By Quyen Do In the old days, Zen masters sometimes used strong methods to help their students be mindful, to help liberate them from affliction and realize their Buddha nature. A teacher might suddenly beat or kick or shout to stun students into awakening. But Thich Nhat Hanh may be the first teacher to promote mindfulness practice through song. Practitioners around the world —both lay and monastic—love to sing songs of practice. We sing in English, Vietnamese, French, German, Chinese, Italian, Russian, Polish .... Through singing, the Sangha has touched many souls and opened many hearts. For example, Mr. Mau, an ex-teacher, was miserable when he came to a Toronto retreat in 1990. He could not adapt to life in exile. But songs during the retreat transformed his heart, and he was able to find peace and joy.
"Breathing In, Breathing Out" may be the most popular song of all. Thay and the American children composed it years ago at a California retreat for young people. Last June, my daughter and I visited Gia Mon kindergarten in a remote area of central Vietnam. There, we sang "Breathing In, Breathing Out" with 100 young students. We sang the Vietnamese version, which has a different tone, but the teaching is the same. Looking at the children as they sang and gestured with their tiny hands, my eyes filled with tears of gratitude and joy.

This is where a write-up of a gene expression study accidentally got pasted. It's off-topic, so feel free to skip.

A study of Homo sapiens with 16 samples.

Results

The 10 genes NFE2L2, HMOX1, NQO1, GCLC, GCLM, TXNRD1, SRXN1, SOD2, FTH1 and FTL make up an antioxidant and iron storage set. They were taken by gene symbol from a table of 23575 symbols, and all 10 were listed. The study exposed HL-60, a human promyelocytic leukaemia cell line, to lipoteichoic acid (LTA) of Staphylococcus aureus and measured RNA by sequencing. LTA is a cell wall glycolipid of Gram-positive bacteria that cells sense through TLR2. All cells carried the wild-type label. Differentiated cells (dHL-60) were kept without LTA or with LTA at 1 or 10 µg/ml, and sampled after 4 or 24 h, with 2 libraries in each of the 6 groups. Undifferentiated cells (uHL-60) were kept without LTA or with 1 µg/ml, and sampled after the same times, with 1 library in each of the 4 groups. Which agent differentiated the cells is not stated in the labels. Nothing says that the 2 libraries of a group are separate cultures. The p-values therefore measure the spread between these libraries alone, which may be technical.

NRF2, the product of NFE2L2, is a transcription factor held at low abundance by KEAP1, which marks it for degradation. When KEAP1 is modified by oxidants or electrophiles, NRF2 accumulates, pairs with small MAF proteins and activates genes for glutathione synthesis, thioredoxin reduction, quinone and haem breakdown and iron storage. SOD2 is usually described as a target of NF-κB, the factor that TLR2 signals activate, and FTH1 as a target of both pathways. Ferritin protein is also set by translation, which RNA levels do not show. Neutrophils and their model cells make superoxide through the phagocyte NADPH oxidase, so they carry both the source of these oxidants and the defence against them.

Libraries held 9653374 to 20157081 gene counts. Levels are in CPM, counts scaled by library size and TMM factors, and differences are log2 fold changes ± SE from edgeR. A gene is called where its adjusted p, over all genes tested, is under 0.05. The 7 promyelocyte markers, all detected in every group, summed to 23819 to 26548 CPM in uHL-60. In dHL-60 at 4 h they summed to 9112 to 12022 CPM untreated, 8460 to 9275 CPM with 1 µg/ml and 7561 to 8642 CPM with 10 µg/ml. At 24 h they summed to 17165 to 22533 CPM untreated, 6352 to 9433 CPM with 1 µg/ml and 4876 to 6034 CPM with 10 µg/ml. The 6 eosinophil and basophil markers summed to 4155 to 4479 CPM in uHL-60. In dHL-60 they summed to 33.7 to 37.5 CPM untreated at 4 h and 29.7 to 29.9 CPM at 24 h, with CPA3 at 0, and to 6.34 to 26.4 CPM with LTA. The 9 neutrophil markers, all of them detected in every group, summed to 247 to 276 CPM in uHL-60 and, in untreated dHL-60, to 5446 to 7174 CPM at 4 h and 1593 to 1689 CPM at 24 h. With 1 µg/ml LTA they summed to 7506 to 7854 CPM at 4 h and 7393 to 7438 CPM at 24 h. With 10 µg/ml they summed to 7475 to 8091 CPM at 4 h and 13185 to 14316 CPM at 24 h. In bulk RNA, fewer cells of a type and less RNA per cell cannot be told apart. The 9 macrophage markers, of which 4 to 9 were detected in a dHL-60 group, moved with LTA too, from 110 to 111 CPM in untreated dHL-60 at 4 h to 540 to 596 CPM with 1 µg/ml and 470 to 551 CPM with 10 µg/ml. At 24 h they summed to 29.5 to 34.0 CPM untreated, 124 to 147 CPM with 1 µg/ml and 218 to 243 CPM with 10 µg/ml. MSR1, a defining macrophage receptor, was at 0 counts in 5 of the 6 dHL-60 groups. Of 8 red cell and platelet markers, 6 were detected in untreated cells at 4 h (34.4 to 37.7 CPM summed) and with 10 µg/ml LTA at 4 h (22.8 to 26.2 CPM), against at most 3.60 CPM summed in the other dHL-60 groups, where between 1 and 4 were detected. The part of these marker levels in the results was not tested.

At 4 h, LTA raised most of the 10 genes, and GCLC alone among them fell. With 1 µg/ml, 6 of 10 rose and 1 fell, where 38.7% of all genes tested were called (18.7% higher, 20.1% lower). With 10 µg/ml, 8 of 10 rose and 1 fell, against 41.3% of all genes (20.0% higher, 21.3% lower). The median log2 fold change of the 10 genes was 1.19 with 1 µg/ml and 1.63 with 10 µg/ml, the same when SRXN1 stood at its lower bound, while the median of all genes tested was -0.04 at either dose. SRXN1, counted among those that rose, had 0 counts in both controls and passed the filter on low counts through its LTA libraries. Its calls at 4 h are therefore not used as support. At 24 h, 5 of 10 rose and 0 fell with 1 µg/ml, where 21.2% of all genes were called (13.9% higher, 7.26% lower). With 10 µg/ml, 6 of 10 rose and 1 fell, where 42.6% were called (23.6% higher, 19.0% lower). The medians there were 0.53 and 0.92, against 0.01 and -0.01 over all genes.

During last fall's retreat at Omega, the nuns and monks chanted or sang before each Dharma talk. Their many, beautiful voices filled the Dharma Hall and the hearts of retreatants. Before outdoor walking meditation, they taught us short songs. At the end of the retreat, my new friends, Catherine and Tom, came to say good-bye. Together we sang "No coming, No Going," a touching song written by Sister Annabel. We held each other's shoulders as we sang, "I hold you close to me. I release you to be so free, because I am in you and you are in me." Through the song, we consciously practiced nonattachment and interbeing in the present moment.
Before the Omega retreat, I knew Thay's Dharma talks had helped ease much suffering. I have studied with Thay many times, and in each retreat, I have felt a new touch of the teachings, something new to apply to my practice. Surprisingly, it was only in this retreat that I received wholeheartedly the teaching of the Singing Sangha. Now, I always invite my friends to share the joy of singing together—especially in Sangha gatherings.
Quyen Do, True Wonder, a freelance journalist, practices with Maple Village Sangha in Canada and with Nu Hong Sangha in California.